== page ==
We didn’t want to have a party in the first place. We were going to stay open until 2 AM, sell the book, and go out to the Green Mill afterward. We weren’t going to have a party, but we had to compete. Every bookstore in the known world was having a party.

So a committee was formed. Strategies were discussed. Streamers were purchased, reinforcements called in. Plastic gloves were donned. Jelly beans were counted (1,041, to be exact) as they rattled into the guessing jar.

We work at Barnes & Noble in Evanston, at the corner of Church and Sherman, one block from the Davis stops on Metra and the el. The fifth installment in J.K. Rowling’s Harry Potter series, Harry Potter and the Order of the Phoenix, would go on sale Friday, June 20, at midnight. Gold glitter, feathers, construction paper, special purple cafe beverages, and face paint would find their way into children’s (and adults’) hands and onto the floor of our store. Oh yeah, and people could start reading the book.

About three weeks before the book’s release date, the acronym FHP (and the F doesn’t stand for “fifth”) became the preferred referent for everything concerning our favorite young wizard. Who did we blame for the chaos in the store? FHP. Stacks of magazines found in the children’s section? Blame FHP. Short staffed? FHP again. So consumed were we with preparations for FHP that the June 9 release of Hillary Clinton’s Living History, certain to be the best-selling nonfiction book of the year, didn’t faze us in the least. By then we knew we wouldn’t have enough copies of Rowling’s book to fill initial demand. We had to tell customers that even if they reserved a copy they wouldn’t get the book on the 21st.

One of our veteran booksellers, Marianne, admonished us to remember when parents started screaming “Where’s my book?” that it’s only a book, not a blood transfusion, and that they’d live for another 20 minutes, or day, or week without it. (Probably.)

Most of us on staff don’t mind FHP. Since our livelihoods depend on literacy, we think it’s great that kids are reading 800-page books. We think it’s great that parents are reading with their kids. We think it’s great that Ms. Rowling went from being a penniless single mother writing on coffeehouse napkins to the multimillionaire she is today (pick up her biography; it’s now available in paperback). So what was there to complain about? Well…

Two of Evanston’s biggest events happened to coincide with the FHP release date: Northwestern University’s graduation and the annual Fountain Square Arts Festival, which sets up camp outside our doors. Factor in the fairgoers and the people in town for graduation, and we could guarantee the store would be overrun all weekend. (This year we ordered extra toilet paper to avoid a repeat of the rest room disaster of ’02.)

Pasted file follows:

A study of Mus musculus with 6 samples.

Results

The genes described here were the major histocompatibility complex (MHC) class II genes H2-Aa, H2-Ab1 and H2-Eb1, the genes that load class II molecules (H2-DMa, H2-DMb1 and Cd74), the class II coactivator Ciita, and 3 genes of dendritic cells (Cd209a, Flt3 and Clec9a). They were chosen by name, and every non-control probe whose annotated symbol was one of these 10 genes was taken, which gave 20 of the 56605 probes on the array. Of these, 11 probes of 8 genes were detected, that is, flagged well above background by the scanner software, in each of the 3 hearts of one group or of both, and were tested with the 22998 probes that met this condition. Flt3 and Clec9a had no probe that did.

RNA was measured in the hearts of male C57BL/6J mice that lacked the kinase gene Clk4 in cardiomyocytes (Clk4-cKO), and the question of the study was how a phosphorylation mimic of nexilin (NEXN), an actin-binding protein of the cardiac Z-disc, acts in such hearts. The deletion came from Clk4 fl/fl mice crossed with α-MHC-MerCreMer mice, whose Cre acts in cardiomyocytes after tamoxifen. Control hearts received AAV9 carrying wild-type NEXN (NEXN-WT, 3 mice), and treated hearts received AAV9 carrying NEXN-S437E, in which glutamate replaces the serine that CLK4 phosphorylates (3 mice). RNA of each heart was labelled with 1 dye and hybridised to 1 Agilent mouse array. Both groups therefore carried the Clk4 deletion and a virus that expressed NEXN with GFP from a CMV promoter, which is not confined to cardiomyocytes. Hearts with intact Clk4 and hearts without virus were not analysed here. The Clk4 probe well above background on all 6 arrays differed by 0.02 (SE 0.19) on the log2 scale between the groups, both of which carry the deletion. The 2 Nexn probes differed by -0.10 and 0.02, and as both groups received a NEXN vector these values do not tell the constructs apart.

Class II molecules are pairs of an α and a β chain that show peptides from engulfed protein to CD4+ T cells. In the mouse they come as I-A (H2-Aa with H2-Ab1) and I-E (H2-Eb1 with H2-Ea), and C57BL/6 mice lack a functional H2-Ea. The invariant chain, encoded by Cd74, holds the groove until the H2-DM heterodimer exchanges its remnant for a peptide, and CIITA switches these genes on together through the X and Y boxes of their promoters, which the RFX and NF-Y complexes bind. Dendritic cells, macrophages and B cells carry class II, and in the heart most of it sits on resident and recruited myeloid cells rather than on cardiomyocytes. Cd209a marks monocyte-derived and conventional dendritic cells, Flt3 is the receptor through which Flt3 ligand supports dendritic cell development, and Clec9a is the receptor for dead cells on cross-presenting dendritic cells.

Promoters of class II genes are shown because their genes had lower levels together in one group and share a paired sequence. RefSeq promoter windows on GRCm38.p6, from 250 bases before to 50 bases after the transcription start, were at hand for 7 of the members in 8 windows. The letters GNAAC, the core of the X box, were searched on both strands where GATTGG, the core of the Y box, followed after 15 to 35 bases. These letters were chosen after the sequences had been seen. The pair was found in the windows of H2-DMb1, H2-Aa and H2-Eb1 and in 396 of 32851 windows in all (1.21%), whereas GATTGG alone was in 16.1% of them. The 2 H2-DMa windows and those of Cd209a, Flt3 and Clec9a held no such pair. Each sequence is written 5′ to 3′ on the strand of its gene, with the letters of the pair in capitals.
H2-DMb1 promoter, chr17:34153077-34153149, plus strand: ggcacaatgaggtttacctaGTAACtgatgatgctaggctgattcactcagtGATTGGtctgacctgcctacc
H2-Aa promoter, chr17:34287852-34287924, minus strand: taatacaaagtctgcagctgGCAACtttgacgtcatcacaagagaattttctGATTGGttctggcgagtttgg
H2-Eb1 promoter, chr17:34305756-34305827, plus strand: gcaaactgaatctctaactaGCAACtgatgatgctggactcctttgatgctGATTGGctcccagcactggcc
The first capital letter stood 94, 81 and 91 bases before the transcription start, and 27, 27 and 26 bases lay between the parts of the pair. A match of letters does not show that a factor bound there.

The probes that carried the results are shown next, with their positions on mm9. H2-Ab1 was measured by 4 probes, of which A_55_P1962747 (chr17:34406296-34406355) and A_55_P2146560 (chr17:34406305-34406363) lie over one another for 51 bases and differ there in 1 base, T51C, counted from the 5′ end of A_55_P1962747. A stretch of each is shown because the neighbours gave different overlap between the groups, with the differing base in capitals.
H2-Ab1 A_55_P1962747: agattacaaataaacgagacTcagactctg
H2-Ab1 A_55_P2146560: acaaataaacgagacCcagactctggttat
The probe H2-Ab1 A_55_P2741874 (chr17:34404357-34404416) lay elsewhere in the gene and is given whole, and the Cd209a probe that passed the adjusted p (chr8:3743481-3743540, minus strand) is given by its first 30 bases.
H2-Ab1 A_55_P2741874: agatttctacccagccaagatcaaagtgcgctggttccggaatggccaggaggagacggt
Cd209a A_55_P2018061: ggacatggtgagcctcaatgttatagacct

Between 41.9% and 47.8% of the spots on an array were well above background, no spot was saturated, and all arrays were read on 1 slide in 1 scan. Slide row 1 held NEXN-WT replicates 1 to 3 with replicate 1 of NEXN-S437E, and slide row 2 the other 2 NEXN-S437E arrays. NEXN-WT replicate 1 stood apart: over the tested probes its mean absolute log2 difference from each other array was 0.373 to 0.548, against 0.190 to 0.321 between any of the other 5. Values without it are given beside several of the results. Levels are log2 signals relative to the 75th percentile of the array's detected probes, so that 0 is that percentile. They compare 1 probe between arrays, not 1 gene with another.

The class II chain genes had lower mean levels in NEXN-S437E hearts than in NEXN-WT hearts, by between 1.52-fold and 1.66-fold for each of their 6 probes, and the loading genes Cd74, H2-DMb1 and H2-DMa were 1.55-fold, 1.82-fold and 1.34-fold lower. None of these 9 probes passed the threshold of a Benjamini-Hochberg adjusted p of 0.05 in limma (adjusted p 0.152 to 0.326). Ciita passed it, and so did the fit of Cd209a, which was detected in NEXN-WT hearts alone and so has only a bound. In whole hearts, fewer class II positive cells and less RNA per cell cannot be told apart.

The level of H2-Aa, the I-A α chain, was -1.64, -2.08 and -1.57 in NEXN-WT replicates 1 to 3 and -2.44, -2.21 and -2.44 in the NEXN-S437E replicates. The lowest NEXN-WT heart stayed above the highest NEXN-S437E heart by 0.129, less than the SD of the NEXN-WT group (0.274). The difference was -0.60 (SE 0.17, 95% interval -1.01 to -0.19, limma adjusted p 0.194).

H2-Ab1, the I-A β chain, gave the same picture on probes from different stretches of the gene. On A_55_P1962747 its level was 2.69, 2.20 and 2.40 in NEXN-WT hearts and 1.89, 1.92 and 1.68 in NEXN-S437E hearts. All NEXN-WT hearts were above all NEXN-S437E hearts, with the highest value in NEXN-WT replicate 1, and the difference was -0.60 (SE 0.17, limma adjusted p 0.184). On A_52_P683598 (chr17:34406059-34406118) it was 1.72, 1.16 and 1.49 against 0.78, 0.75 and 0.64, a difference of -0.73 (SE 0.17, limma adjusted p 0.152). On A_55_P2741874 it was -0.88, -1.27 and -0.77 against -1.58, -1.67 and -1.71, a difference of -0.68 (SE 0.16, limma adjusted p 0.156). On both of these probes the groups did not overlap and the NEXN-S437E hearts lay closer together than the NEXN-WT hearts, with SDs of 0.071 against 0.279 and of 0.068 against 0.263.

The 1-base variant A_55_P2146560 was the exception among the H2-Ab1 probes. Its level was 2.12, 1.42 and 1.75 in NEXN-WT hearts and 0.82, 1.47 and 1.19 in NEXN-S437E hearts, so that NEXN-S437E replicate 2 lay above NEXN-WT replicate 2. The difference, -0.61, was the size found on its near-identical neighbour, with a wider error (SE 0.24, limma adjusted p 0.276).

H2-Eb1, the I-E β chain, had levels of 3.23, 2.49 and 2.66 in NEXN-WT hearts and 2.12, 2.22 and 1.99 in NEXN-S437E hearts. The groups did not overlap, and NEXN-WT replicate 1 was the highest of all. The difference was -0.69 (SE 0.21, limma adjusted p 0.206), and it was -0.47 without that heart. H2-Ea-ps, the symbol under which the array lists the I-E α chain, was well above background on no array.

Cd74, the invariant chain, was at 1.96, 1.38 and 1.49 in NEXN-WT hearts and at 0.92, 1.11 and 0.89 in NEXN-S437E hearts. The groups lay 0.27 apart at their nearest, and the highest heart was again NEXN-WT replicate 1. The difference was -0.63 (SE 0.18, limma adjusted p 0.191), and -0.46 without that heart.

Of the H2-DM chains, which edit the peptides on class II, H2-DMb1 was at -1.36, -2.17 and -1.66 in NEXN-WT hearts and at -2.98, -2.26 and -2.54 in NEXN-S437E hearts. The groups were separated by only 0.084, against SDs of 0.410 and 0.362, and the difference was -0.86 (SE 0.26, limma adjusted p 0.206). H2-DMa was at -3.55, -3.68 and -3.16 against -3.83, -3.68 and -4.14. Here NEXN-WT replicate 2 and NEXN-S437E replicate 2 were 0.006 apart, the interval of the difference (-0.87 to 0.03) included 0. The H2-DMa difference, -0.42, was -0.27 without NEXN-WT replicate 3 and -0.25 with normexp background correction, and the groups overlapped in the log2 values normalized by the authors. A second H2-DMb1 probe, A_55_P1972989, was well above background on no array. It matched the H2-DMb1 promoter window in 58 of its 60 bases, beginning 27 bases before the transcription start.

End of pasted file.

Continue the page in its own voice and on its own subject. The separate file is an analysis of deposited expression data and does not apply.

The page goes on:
The first shipment of books arrived a week and a half before the SOS date, which stands for “strict on sale” but in this case seemed particularly apt. The stacks of sealed boxes narrowed our back hallway and filled our back-stock shelves, consuming more space than all of Oprah’s Book Club books combined.

The home office sent lists of books to tide customers over “while you are waiting for Harry Potter.” We explained that we couldn’t guarantee copies reserved after June 1, that there would be no street parking due to the art fair, that regardless of the date you ordered you’d have to wait in line, and that even if you’d already bought a payment voucher at your school book fair, you still had to preorder to guarantee getting a copy. Despite the hype, people were still surprised to be informed of the book’s lack of availability.

After many months of oversaturation, we were afraid we wouldn’t be able to open our own copies and savor FHP’s possible romance with Cho for months–or at least until a few days after the party. Our eyes were fixed on the dim light at the end of the tunnel: the day after our Midnight Magic Party. That night promised to be Armageddon if every screaming child and over-caffeinated adult didn’t get a book.

Well, we survived.

At our store, people began arriving in costume around nine, and the phones rang constantly with calls from curious fans, some wondering if it was too late to order a copy, others wanting directions. At the check-in table each customer received plastic Harry Potter glasses and a numbered ticket that guaranteed a place in line. By 10:30 we were entertaining more customers than we see on the busiest holiday weekend.

We had enough foam balls and glitter to craft 100 Golden Snitches. The crowd that swarmed in the children’s section exhausted the supplies in 20 minutes. Almost as much glue and glitter ended up on the table, carpet, hands, and books as on the balls, but we didn’t care. Somehow the chaos we’d dreaded was under control.

When the first 50 customers were called to purchase their books, a stampede thundered toward the cash registers. All six registers rang steadily for an hour and a half, as thrilled customers, young and old, clutched their copies to their chests. Half the preordered books were picked up in the first 24 hours. Barnes & Noble estimated it would sell one million copies in the first week–that many sold in the first 48 hours. They calculated that between midnight and 2 AM, 80 books per second were sold nationwide.

We closed our doors half an hour earlier than expected. It was 1:30 and the last customer was gone. No one went to the Green Mill.

At 8:30 AM Saturday, half an hour before opening, 20 or so customers waiting outside watched through the glass as we cleaned up the remnants of the party. People would stream in all day long looking for two things–rest rooms and Harry–but there was no stampede, no costumes, no glitter, just commerce. The Midnight Magic had faded. FHP.

On Sunday we could stay home and curl up with 870 pages.